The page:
Tribes ask that sovereign rights be honored
Published August 30, 2016
CANNON BALL, NORTH DAKOTA— In a strong sign of solidarity, eight Washington state tribes journeyed to to the banks of the Cannonball River on Tuesday to voice their support for the Standing Rock Sioux Tribe’s fight to oppose to the proposed Dakota Access pipeline, which would run through Standing Rock’s ancestral homelands.
The tribes urged the United States District Court to rule in favor of the Standing Rock Sioux Tribe’s request to issue an injunction that stops construction of the pipeline until the Tribe’s waters and cultural resources are protected.
The eight Washington state tribes included the Yakama Nation, Swinomish Indian Tribal Community, Lummi Nation, Puyallup Tribe, Nisqually Indian Tribe, Suquamish Tribe, Lower Elwha Klallam Tribe and Hoh Tribe, many of whom have faced similar challenges to their lands and ways of life. Some of the tribes that attended the event have won recent battles against proposed oil and coal export terminals that would have violated treaty rights, endangered fish and shellfish, and threatened the tribes’ very existence.
“We’ve seen the success our friends from Washington state have had in their battles to protect treaty rights against the transport of fossil fuels,” said David Archambault II, Chairman of Standing Rock Sioux Tribe.
“Their support is crucial in the protection of our land, water, and cultural resources, as well as all of our sovereign rights that we are asking Assistant Secretary of the Army for Civil Works Jo-Ellen Darcy to honor.”
The peaceful gathering near Cannon Ball, North Dakota, is estimated at 1,500 people, and has inspired American Indians, celebrities, and activists from across the country to show their support for the Standing Rock Sioux Tribe. Numerous tribes have written letters to President Obama and the U.S. Army Corps of Engineers asking them to fulfill their trust obligation to tribes and reconsider the construction of the Dakota Access Pipeline.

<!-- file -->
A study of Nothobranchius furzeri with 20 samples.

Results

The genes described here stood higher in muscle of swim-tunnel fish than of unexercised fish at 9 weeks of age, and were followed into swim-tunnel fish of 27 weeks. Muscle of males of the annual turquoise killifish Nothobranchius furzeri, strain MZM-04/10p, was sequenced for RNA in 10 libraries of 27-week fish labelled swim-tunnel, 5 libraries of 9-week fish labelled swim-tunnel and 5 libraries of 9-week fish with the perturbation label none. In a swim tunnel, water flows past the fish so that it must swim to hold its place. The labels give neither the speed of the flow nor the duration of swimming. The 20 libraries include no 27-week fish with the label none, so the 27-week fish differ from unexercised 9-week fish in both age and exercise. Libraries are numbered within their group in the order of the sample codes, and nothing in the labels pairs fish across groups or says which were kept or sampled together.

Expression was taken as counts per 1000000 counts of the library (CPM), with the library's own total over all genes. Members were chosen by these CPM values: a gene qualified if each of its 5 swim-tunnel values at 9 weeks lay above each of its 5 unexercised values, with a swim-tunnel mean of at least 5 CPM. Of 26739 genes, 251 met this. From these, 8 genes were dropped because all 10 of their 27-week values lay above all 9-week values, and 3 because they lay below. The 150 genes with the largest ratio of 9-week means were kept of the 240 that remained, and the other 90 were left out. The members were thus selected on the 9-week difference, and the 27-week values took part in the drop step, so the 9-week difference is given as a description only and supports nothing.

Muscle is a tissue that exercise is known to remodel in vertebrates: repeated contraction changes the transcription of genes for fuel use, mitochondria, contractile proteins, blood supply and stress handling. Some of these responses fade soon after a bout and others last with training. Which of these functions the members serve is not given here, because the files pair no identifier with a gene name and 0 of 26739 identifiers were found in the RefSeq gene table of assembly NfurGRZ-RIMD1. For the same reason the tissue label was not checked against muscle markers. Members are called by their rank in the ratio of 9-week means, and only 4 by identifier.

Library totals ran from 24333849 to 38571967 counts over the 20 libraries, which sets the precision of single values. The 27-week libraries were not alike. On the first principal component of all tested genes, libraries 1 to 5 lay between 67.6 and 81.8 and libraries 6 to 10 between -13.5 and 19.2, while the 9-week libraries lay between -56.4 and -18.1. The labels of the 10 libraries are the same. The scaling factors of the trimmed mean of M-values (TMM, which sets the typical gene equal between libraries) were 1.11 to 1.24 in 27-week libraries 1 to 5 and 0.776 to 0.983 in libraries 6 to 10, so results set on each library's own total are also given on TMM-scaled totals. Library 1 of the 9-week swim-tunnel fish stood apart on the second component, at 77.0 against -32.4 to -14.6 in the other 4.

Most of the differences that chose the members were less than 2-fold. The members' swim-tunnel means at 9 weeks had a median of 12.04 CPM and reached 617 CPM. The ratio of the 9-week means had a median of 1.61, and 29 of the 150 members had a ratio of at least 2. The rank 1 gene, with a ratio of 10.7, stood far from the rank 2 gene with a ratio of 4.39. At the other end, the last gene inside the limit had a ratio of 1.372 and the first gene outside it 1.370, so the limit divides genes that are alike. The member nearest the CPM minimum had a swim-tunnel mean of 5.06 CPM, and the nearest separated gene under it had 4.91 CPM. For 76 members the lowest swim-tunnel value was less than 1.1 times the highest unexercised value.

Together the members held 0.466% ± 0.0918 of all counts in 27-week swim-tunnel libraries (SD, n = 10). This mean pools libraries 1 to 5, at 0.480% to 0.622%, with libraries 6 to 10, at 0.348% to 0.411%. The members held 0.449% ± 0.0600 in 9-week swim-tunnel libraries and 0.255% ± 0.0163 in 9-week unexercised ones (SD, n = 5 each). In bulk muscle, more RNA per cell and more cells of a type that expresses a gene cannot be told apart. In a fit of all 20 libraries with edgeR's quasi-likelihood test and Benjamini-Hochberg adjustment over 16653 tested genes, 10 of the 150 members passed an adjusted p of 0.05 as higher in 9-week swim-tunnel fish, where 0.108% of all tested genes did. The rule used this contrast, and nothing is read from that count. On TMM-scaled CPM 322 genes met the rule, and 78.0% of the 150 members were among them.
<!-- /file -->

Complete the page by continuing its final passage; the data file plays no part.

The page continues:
“Words can’t express how thankful we are for all of the prayers, support, letters, and donations we have received,”said Archambault. “It inspires us every day on our mission to protect this area for future generations and all who use it.”
More than 150 tribes are standing with Standing Rock on this pipeline issue, with dozens of tribes joining the camp to show their support.
The Standing Rock Sioux Tribe is arguing in court that the Dakota Access Pipeline was fast-tracked by the federal government, which is a direct violation of the Tribe’s rights as a sovereign nation because it will hurt the Tribe’s safe drinking water and historic and cultural resources. The Tribe has asked the United States government to conduct a more stringent environmental review to ensure the protection of the Tribe’s treaty rights and sacred places.
“Everyone has heard that this pipeline would be more than 1,100 miles long and would transport more than half a million barrels of crude oil every day across our lands,” said Cedric Good House, a traditional leader for the Standing Rock Sioux Tribe.
“What they don’t know are the irreplaceable sacred places across the landscape and the deep cultural and spiritual knowledge that is tied to them. These are the places and the knowledge that make us who we are today as a tribe. I plan on telling my grandchildren about the time when tribes across the country stood up and fought for treaty, culture, and the future. And we fought for the future of safe drinking water for all Americans. No longer is the world watching us, the world is with us.”